New Jersey Passes NDA Bill Prohibiting Confidentiality of Sexual Harassment Claims

On March 18, 2019, Governor Murphy officially signed S-121 into law that makes any provision in an employment which waives any substantive or procedural right of an employee unenforceable as against New Jersey public policy.  Under the new law, New Jersey employers will no longer be able to conceal the underlying details of sexual harassment and other claims of discrimination through the use of non-disclosure or confidentiality provisions in settlement agreements.  The new Non-Disclosure law also protects employees from being retaliated against for not entering into any agreement or contract that requires them to waive their substantive or procedural rights.

The Non-Disclosure bill will apply to all workplace discrimination claims alleged or brought under the New Jersey Law Against Discrimination.  The New Jersey Law Against Discrimination prohibits workplace discrimination on the basis of protected traits such as gender, disability, race, national origin and other protected classes of people.  It also prohibits employers from retaliating against employees who oppose discrimination or participate in harassment investigations.  Finally, it makes employers responsible for the harm caused to employees who are forced to work in a hostile work environment.

The Non-Disclosure bill is being touted a significant win for New Jersey employees’ rights and the #MeToo movement.  The law was sponsored by Senators Loretta Weinberg and Nia Gill an Assembly members Valerie Vainieri Huttle, John F. McKeon and Jon M. Brammick.  The law will not be administered retroactively.  Instead, it will only apply to employment contracts that are entered into, renewed, modified or amended on or after the law’s March 18, 2019 effective date. This means any contract to arbitrate or settlement agreement requiring the underlying claims of lawsuit to be confidential signed before March 18, 2019 can still be enforced by an employer against an employee.

The law also requires that any settlement agreement of claims of discrimination, retaliation or harassment between and employee and employer must have a bold, prominently placed notice that reads:

ALTHOUGH THE PARTIES MAY HAVE AGREED TO KEEP THE SETTLEMENT AND UNDERLYING FACTS CONFIDENTIAL, SUCH A PROVISION IN AN AGREEMENT IS UNENFORCABLE AGAINST THE EMPLOYER IF THE EMPLOYEE PUBLICALLY REVEALS SUFFICIENT DETAILS OF THE CLAIM SO THAT THE EMPLOYER IS REASONABLY IDENTIFIABLE

One thing to keep an eye on is how New Jersey and federal courts will reconcile the new Non-Disclosure bill along with the Federal Arbitration Act.  While the Non-Disclosure bill invalidates arbitration agreements made after March 18, 2019, the Federal Arbitration Act preempts state laws that govern the procedures of arbitration.  Plaintiff employment lawyers will point to the Federal Arbitration Act’s provision providing the state the right to determine the enforceability of contracts and that New Jersey’s public policy is against forcing employees to waive statutory rights.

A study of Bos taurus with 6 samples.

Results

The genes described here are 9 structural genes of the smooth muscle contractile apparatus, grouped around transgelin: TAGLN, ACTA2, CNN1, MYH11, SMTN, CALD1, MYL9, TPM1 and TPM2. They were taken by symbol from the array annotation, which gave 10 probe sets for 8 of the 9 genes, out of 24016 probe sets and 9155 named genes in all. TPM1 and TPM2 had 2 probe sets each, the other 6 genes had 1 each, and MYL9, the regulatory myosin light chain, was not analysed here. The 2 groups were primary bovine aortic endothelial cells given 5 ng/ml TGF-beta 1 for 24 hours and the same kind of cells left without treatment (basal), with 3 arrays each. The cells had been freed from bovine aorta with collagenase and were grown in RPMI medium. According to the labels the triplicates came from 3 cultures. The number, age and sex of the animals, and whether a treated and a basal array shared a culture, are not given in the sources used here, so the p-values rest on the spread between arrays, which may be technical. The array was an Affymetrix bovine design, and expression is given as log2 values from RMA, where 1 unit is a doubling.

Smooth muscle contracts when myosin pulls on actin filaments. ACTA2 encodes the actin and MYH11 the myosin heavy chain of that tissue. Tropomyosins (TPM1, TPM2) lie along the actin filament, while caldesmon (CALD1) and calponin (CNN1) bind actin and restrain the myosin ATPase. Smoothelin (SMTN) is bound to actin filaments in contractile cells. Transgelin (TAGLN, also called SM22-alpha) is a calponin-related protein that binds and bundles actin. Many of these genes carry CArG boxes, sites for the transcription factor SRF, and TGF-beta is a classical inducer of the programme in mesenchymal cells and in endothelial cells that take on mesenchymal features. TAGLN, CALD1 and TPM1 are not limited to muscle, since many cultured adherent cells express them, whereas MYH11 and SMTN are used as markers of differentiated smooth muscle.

The Non-Disclosure bill expressly excludes non-competition agreements made during or after the employment as a clause that is still permitted to be agreed upon by the employer and employee.  The law also excludes agreements in which the employee agrees to not disclose proprietary information of the employer such as non-public trade secrets, business plans and customer information.

The impact of the new law on the motivation of employer’s to settle cases of sexual harassment or fight them in a public court remains to be seen. It is routine that employers require confidentiality as a material term of any settlement agreement in cases of discrimination, harassment or retaliation.  Some New Jersey employment attorneys argue that the Non-Disclosure law will result in increased litigation by not allowing settlements of sexual harassment cases be confidential.  They believe that employers will have less incentive to resolve discrimination lawsuits if the plaintiff cannot be silenced concerning the underlying allegations of the claim.  Others contend that this concern is overstated because the employer still must choose between entering into settlement that ends the case or having a public trial that will shed more public scrutiny to the underlying facts.

No matter what, the Non-Disclosure bill is clearly a game-changer and will change the way that sexual harassment and discrimination claims are litigated and negotiated by New Jersey employment attorneys.